Learn GAME OF THRONES’ Dothraki with Living Language and Enter to Win Your Very Own Copy!

This past summer at San Diego Comic-Con, we took part in a mini-class taught by David J. Peterson, creator of the Dothraki — and Valyrian! — language found in George R.R. Martin’s novel series A Song of Ice and Fire, heard on-screen in HBO’s Game of Thrones. It was a fun time and a chance to really let our geek flag fly in more ways than one (we’re a sucker for GoT AND linguistics). So when Living Languages sent us the full Dothraki dictionary and instructional course, we were naturally pretty tickled at the thought of going full-fledged Khaleesi, our daydreams of a khalasar of our very own less far off than ever before (except for that whole, y’know, they’re-totally-not-even-real aspect). So we dove in head first and tried ezzolat kifinosi astolat Dothrak (that soooorta means “to learn how to speak Dothraki.” Yay)!

The first thing to know about the language — even though GRRM coined its first words on the page — is that it is not a written one, but rather exclusively spoken. The Dothraki are a nomadic people, too busy riding horses and pillaging the steppes of Essos to be bothered with figuring out how and where to write down their words. And it is fairly glottal, as well — which makes it pretty hard to figure out, pronunciation-wise, from simply looking at it on the page. Which is why the instructional course disc is so vital to learning Dothraki. You need to be able to feel and hear the words in order to really make much sense of them. And unless your some sort of savant, it WILL take awhile — particularly for English speakers, with which the language has very little in common, inflection-wise.

The most important thing is to TAKE YOUR TIME. This is not some language that’s all that easy to pick up, even if you were gangbusters in Spanish in high school. Peterson’s layers of linguistic and grammatical rules have all but ensured this — to the language’s benefit, to be sure — but once you get a hang of the inflections, things get much, much easier. Be prepared to freak out your roommate’s cat while you repeatedly mutter “arraggat” (“to choke”) over and over again until you get the syllabic differences down.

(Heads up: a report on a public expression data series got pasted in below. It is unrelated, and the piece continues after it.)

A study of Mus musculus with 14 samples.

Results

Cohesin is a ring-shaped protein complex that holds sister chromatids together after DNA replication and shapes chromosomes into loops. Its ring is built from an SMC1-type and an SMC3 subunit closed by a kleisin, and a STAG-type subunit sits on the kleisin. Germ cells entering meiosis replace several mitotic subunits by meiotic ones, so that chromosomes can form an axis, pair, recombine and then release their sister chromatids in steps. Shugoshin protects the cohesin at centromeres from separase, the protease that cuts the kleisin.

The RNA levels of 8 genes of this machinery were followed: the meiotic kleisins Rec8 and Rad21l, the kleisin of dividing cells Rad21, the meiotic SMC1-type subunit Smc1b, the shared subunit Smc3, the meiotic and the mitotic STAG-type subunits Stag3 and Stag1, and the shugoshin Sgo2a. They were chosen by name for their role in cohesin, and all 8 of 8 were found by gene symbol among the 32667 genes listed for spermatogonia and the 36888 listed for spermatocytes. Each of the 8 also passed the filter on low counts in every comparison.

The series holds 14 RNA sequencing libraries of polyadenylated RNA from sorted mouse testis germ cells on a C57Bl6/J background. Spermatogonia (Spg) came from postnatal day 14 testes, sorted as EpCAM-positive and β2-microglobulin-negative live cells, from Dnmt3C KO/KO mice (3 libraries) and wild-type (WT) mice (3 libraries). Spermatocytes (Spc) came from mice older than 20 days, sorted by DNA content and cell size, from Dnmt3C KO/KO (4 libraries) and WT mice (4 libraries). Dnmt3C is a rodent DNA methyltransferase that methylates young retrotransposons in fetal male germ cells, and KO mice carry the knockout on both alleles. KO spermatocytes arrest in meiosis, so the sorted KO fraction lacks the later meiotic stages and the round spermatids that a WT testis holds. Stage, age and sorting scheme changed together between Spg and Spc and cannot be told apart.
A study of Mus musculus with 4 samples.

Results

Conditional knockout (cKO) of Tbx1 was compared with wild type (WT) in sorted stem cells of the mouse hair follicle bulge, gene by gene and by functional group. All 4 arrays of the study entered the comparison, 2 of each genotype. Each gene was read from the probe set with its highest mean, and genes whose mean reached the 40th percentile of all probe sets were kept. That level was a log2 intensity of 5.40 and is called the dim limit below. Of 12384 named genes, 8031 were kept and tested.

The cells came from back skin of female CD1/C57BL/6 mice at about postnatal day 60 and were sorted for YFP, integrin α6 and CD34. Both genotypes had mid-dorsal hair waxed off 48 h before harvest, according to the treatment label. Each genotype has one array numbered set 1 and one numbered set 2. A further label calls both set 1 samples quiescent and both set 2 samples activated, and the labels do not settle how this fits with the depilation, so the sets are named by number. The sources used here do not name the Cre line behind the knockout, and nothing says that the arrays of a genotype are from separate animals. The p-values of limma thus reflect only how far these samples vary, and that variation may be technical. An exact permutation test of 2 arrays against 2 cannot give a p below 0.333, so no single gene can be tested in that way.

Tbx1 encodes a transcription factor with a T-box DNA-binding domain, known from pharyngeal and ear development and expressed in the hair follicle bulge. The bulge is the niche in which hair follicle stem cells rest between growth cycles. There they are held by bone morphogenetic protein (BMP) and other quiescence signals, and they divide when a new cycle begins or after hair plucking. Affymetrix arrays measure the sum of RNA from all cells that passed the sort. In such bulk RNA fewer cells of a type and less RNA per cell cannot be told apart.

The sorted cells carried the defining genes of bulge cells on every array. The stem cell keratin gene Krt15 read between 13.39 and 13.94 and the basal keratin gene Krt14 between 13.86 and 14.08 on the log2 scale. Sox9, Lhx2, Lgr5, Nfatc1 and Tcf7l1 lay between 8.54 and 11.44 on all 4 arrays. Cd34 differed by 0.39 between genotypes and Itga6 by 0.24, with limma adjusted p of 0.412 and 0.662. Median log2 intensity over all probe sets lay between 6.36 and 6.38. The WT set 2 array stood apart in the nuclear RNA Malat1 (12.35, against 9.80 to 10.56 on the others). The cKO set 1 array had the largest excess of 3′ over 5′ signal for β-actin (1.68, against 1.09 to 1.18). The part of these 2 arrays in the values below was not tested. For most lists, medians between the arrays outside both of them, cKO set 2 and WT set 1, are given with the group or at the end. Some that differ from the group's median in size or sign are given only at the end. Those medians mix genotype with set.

The whole thing is broken down quite logically, building upwards by first ensuring your competence in uttering the sounds themselves. From there, vocabulary, grammar, and context are given through various chapters both in the book and on the accompanying CD. For fans of ASOIAF and Game of Thrones will particularly appreciate the cultural touchpoints, with more than a few references (and words for!) horses, war, travel, as well as dos, don’ts, and other put-downs and slang terms that feel wholly appropriate to the Dothraki people in general.

There are even lesson plans, filled with translatable material and do-it-yourself sentence structuring, just like everyone’s favorite language books from high school. Just be warned: there are way more syllables than you’re likely to anticipate — just be prepared.

And, thanks to the gracious folks over at Living Language, we’re giving away FOUR copies of the set! Yes, for a whopping FREE-NINETY-NINE (minus the ninety-nine part), you, too could become the khal of all your friends. The qorasokh (that means prize, or spoils) is well within your reach. All you have to do is tweet us what YOUR Dothraki name is using the hashtag #MyDothrakiNameIs. Click here to tweet or craft a tweet of your own! (My Dothraki name, for example, would have to be ZHASSI, MOTHER OF PUPPIES!) The contest ends Monday, October 13, 2014 at midnight, so make sure you share your Game of Thrones-inspired name before then.

Living Language Dothraki: A Conversational Language Course Based on the Hit Original HBO Series Game of Thrones is available tomorrow, October 7, 2014.

Now, the only question that remains is: when are we going to get the guide to Valyrian, eh? Leave your guesses in the comments.

For full contest rules, please click here.


  1. What if I don’t have a twitter? Is there any other way to enter?